Book Excerpt: Shoeing for the Job
by: Heather Smith Thomas
January 26 2009, Article # 13508
There are many kinds of horseshoes; try to select shoes well suited to your horse's work. While a horse with a problem may need a farrier to create a special shoe, many horses get along fine with factory-made shoes.
Shoes should always be as light as is practical, taking into consideration the wear demanded of them, so that they interfere as little as possible with the normal flight of the horse's foot. Weight, no matter how it's added to the foot, tends to reduce speed and agility. Added weight can also make a minor deviation in foot flight more noticeable.
The normal flight of the foot is a relatively straightforward line. No horse's foot moves perfectly straight, but good leg conformation creates the most straightforward motion with the least wasted effort and movement. Any significant deviation from normal foot flight takes the form of an arc--either to the outside or inside of this relatively straight line. Adding weight to the foot in the form of a shoe will increase the arc because of the additional swing it makes. Ordinary shoeing thus accentuates a horse's foot flight and any gait defect.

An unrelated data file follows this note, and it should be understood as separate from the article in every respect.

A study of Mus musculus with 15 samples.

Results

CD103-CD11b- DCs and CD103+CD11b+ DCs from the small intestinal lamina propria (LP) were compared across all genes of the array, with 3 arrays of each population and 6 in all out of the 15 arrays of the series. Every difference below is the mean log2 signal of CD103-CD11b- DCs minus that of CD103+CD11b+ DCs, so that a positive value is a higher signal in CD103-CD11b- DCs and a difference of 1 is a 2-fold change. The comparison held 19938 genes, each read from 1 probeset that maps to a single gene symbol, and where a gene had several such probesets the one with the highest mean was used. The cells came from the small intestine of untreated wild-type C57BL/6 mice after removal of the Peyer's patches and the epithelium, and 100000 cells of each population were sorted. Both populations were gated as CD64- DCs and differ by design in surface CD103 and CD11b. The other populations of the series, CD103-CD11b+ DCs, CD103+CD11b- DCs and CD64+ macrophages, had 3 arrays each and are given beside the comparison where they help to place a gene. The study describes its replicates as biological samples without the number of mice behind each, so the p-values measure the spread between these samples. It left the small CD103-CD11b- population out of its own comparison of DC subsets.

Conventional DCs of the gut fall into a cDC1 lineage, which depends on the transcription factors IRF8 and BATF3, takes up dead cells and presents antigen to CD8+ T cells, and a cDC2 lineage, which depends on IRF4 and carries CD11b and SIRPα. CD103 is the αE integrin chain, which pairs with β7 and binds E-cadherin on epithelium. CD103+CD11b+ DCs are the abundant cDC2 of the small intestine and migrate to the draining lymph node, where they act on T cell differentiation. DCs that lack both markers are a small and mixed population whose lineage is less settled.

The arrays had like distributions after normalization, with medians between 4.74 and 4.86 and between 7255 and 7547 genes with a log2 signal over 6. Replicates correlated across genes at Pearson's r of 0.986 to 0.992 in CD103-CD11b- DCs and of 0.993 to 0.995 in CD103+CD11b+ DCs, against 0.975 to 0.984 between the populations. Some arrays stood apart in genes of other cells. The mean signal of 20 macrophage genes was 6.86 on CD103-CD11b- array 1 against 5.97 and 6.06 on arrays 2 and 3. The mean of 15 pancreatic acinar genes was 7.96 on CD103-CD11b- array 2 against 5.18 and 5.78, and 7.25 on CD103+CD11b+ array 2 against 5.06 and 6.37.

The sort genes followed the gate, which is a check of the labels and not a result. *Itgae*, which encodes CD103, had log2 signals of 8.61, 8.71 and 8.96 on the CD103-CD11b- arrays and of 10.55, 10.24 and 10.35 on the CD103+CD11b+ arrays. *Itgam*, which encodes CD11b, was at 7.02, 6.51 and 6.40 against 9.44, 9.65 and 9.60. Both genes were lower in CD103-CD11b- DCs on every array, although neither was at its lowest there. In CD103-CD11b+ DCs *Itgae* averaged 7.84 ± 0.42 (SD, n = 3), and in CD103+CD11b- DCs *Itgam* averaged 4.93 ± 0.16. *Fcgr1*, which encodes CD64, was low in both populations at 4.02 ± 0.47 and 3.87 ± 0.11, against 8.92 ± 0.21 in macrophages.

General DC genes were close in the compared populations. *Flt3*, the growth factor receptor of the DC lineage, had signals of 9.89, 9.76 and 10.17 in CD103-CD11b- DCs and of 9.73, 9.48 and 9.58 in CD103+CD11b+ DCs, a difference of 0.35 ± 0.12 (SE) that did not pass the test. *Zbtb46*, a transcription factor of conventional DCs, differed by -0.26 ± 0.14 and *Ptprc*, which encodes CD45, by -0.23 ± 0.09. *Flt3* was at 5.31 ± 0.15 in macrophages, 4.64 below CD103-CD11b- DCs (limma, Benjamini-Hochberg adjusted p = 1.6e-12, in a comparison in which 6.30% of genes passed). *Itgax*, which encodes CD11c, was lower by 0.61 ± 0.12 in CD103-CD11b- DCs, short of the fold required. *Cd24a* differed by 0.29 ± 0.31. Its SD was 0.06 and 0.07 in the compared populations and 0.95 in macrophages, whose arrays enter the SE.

Most horses never hit themselves when running barefoot (with short, properly worn hooves) but some will forge or interfere when shod due to the added weight of the shoe. A horse that tends to interfere (strike one front limb against the other, or one hind limb against the other hind) or forge (strike a front heel or sole with the hind toe) does so even worse when shod. The weight makes the horse's strides slightly longer and the arcs of foot flight even more pronounced. Thus, he must be carefully (correctively) shod to prevent these problems.